What Will happen when the Boston Red Sox win the World Series? This is a very good question. A city, a state, an entire region—all of New England—has not only lived with failure for 82 years but also embraced it. How will the populace react?
Fathers have handed Red Sox failure to their sons as a birthright. Those sons have handed it to their sons. The Sox' failure is a fact of New England life, worn through the winter as if it were a good set of L.L. Bean long Johns, resistant to the cold and snow, an itchy constant, part of the promise that spring will bring a better time.
When the Red Sox win...well, that will change a few things, won't it?
The Day the Red Sox Win the World Series: The euphoria will be obvious. Half the babies in the greater Boston area born on this date will be named Nomar. The other half will be named Pedro. The girls among them will have to live with this.
Doris Kearns Goodwin, Concord, Mass., resident, author and historian, will appear on 27 different television shows on 27 different stations from a studio in suburban Watertown to say that this was a case of "man triumphing over original sin."
The anchorpeople from all the major networks will broadcast live from the riot in Kenmore Square, three blocks from Fenway Park. The crowd's chant, even though the Sox prevailed in the end over a National League team, will be " Yankees suck!" A dozen cars will be set on fire, all with New York license plates.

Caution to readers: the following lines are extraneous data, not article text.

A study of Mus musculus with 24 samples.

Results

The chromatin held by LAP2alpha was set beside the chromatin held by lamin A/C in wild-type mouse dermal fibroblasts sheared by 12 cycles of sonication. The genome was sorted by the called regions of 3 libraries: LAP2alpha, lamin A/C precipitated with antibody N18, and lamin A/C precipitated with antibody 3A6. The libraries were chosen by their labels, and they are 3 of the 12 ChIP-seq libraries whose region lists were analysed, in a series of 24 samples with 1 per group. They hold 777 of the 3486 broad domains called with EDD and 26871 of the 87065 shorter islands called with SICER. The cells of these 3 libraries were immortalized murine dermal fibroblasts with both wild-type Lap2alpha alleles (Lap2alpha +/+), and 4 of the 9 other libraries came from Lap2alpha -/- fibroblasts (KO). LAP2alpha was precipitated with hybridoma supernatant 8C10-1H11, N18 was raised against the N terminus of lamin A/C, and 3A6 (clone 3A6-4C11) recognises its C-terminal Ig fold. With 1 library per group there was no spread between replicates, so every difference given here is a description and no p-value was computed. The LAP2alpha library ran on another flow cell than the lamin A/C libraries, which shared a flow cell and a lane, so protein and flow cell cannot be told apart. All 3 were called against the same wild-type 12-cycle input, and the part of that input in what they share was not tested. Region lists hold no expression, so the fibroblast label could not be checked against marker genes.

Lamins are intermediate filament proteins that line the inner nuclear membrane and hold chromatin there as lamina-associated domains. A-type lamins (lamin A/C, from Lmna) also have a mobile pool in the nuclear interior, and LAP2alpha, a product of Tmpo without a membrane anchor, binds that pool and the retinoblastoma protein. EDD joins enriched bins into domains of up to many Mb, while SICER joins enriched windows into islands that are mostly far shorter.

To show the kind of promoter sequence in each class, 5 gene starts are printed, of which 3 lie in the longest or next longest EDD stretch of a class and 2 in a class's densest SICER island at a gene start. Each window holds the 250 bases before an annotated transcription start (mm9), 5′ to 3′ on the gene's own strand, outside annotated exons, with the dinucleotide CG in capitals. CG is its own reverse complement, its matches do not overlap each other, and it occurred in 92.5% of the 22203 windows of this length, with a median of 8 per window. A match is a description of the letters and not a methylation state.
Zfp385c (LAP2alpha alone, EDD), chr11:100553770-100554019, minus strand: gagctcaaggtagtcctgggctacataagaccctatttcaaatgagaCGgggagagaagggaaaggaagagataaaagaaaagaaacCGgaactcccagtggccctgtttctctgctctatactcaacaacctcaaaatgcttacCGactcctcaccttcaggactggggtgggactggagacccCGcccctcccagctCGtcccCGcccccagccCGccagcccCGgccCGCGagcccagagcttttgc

The cows in Bellows Falls, Vt., will increase their milk production by 150%.
Peter Gammons will cry on camera.
Church bells in every town and hamlet in New England will be struck 23 times at midnight in honor of righthander Pedro Martinez, who wears uniform number 23. Leftfielder Troy O'Leary will be named Honorary Irishman of the Year by the South Shore chapter of the Ancient Order of Hibernians. Centerfielder Carl Everett will be made an honorary citizen of the city of Everett, Mass. Bachelor first baseman Brian Daubach will receive 2,784 proposals of marriage.
A Harvard professor will find an analogy to the Red Sox' victory in Greek mythology. An MIT professor will describe the physics behind Nomar Garciaparra's swing, Pedro Martinez's fastball and general manager Dan Duquette's use of speed dialing to make trades. A professor from Bunker Hill Community College will say that what the Red Sox did was "way cool."